Former jet ski race champion pursues God’s will at BJU


At age 12, Rafael Costa beat out seasoned competitors in his first jet ski race. Photo: Submitted

Twelve-year-old Rafael Costa was younger than the rest of the contestants. At least 15 years younger, on average, and the more experienced jet Ski racers were certainly not expecting a ysoung boy to provide such stiff competition in his first race ever. But while young Rafael Costa was probably as unfamiliar with Shakespeare as he was with jet ski racing, greatness was being thrust upon him.

Costa’s father purchased his family’s first Jet Ski when Rafael was 12, and the Costas soon began taking trips to the nearby lake to ride. It was on one of these trips that Rafael began to race. “There was a special competition that day, in the same lake, and they were short by one to make the race official. They started asking people who had jet skis,” Costa said. “My dad was like, ‘Hey Rafael, you do the novice race.’”

So Costa competed against several adults in the novice competition, and he won second. His career in jet skiing had begun.

After seeing his son’s natural talent, Costa’s father decided to push his son, still on his first day of racing, into a bigger challenge. Mr. Costa had signed up for the Superstock race, the highest level of competition for older, more experienced riders, but he thought his son would do just fine in his place.

“I remember well that I had to borrow a helmet, because I didn’t have one, and [I had to] borrow a better lifesaver because mine was too cheap,” Costa said. “I can’t imagine doing that with my son, letting him race when he’s just 12 years old.”

The race started, and three of the veterans were penalized for false starts. Thanks to his natural racing instincts and his advantage over the three penalized competitors, Costa placed third in the Superstock. What Costa and his father didn’t know beforehand was that the top three participants would qualify for the state-level race.

Costa said, “They came to me and said, ‘Hey, you’re just a novice and this is your first race, and this is the final race of the competition. We are going to let the other ones win the race. But you got third, and here’s your trophy, even though we can’t put your name on it.’”

Costa had been too successful — the officials weren’t ready to let him upset his adult rivals by advancing him to the state level yet. But people knew who he was now, and his future was bright. Following that race, Costa won several races in his city and state, but competing in other states was still a difficulty for the budding racer. “They didn’t allow me because I was underage,” Costa said. “I had to get a judicial order to be allowed to race.”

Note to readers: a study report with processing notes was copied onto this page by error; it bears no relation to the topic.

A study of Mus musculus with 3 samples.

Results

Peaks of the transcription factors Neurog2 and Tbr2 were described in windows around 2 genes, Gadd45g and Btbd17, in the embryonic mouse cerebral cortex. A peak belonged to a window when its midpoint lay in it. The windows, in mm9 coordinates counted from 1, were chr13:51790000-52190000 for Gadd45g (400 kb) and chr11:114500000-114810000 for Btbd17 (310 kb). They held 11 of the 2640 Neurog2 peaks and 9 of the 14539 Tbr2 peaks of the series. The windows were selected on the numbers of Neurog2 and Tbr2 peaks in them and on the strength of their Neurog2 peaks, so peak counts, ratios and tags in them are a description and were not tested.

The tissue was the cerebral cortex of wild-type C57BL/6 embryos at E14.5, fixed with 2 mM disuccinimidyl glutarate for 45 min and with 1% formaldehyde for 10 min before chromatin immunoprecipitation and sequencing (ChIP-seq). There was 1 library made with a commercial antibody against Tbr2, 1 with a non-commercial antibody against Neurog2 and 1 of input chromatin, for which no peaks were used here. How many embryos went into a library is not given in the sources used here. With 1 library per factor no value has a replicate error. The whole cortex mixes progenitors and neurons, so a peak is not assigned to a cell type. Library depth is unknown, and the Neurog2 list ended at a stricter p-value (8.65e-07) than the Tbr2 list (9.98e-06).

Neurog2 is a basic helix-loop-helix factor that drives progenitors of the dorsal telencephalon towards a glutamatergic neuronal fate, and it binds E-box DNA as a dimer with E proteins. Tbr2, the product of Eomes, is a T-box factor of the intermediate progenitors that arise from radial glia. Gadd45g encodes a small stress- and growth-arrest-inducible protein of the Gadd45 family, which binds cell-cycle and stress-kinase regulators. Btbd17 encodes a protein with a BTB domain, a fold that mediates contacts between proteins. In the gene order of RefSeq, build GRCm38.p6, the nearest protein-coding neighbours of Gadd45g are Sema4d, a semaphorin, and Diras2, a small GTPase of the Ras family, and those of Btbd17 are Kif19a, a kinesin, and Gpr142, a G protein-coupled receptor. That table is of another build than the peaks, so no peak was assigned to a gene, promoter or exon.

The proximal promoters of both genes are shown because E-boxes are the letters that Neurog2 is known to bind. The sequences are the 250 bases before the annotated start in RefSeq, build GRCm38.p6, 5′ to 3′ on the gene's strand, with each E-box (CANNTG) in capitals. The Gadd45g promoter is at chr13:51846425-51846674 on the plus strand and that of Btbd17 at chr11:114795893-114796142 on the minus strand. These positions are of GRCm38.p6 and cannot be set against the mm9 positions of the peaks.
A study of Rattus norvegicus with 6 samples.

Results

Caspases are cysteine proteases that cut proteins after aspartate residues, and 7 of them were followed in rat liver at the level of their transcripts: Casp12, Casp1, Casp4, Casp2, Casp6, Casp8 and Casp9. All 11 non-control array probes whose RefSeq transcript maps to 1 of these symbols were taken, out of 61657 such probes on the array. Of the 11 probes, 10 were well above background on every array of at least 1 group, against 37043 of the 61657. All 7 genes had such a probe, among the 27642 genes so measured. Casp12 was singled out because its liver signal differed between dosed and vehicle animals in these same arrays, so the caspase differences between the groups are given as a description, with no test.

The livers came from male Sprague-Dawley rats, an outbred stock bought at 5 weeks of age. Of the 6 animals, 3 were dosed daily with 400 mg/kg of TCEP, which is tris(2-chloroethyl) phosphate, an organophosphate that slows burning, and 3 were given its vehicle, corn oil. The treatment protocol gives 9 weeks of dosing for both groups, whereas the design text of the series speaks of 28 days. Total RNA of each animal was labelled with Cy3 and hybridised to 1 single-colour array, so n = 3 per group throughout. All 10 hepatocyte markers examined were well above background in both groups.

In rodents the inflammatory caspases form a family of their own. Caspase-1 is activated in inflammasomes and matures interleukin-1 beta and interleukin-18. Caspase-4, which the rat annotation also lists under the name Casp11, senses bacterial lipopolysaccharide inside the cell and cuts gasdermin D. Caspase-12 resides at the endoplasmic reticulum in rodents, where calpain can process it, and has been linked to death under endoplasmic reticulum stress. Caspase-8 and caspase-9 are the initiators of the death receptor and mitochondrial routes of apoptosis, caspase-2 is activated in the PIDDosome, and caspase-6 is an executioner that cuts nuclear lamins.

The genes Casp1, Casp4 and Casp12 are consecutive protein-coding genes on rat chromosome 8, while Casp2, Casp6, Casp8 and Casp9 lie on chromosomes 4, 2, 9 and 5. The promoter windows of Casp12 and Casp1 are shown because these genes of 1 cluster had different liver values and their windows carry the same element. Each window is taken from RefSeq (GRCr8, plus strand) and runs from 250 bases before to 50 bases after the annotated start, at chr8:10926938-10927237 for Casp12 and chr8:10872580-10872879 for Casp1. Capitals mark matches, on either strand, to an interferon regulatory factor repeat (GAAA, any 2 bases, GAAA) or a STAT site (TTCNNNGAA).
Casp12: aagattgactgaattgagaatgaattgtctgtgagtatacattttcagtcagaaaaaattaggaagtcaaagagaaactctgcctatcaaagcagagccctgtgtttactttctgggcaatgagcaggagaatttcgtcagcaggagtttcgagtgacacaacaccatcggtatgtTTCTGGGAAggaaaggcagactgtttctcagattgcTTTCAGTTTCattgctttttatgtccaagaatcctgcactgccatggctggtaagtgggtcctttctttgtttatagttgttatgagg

This didn’t hinder Costa, though, and he won his official state competition by the age of 15. His age didn’t stop giving him trouble, though. “They didn’t let me race at the national level until I had won two other races from two other states,” Costa said. It didn’t take him long to secure two other state victories, though, and by age 17, Rafael was the Brazilian national Jet Ski champion. The next closest competitor in age was 25.

The high school-age racing phenom was now eligible for the world championship, and Yamaha representatives soon came knocking at his door (he rode a Sea-Doo). They offered him sponsorship for life if he could win third place in the world championship.

But Costa and his family had already sacrificed enough time and money for his racing, and he had to decline to participate. The world championship was a three-month event in the U.S., and it would have cost $30,000 to participate.

While Costa’s racing days were now over, he had other concerns, such as applying for colleges. He was applying to college in the U.S., but he needed to learn English first.

“We were asking which country speaks English and is the cheapest, then we found New Zealand,” Costa said. He then spent six months in New Zealand before moving to the U.S. to study at Yale, the school at which he had been applying for a scholarship. Costa continued to learn English and study at Yale, but his heart began to pull him elsewhere. “God started talking to me, about what kind of future I was going to have,” he said.

His pastor had attended BJU and urged him to consider the University. Costa longed for a Christian environment and a smaller school bill (his scholarship at Yale still left 50 percent of his tuition unaccounted for), and he soon came to study at BJU, where he is currently studying mechanical engineering, a field that suits him well.

Costa and his father spent many long hours tinkering with his Jet Ski and making it the fastest and most well-tuned machine on the Brazilian racing circuit. Rafael Costa is most likely done with competitive racing, but his knowledge of jet skis will certainly influence his future. He speaks of building and fixing jet skis and passing down his love of racing to his children in the future.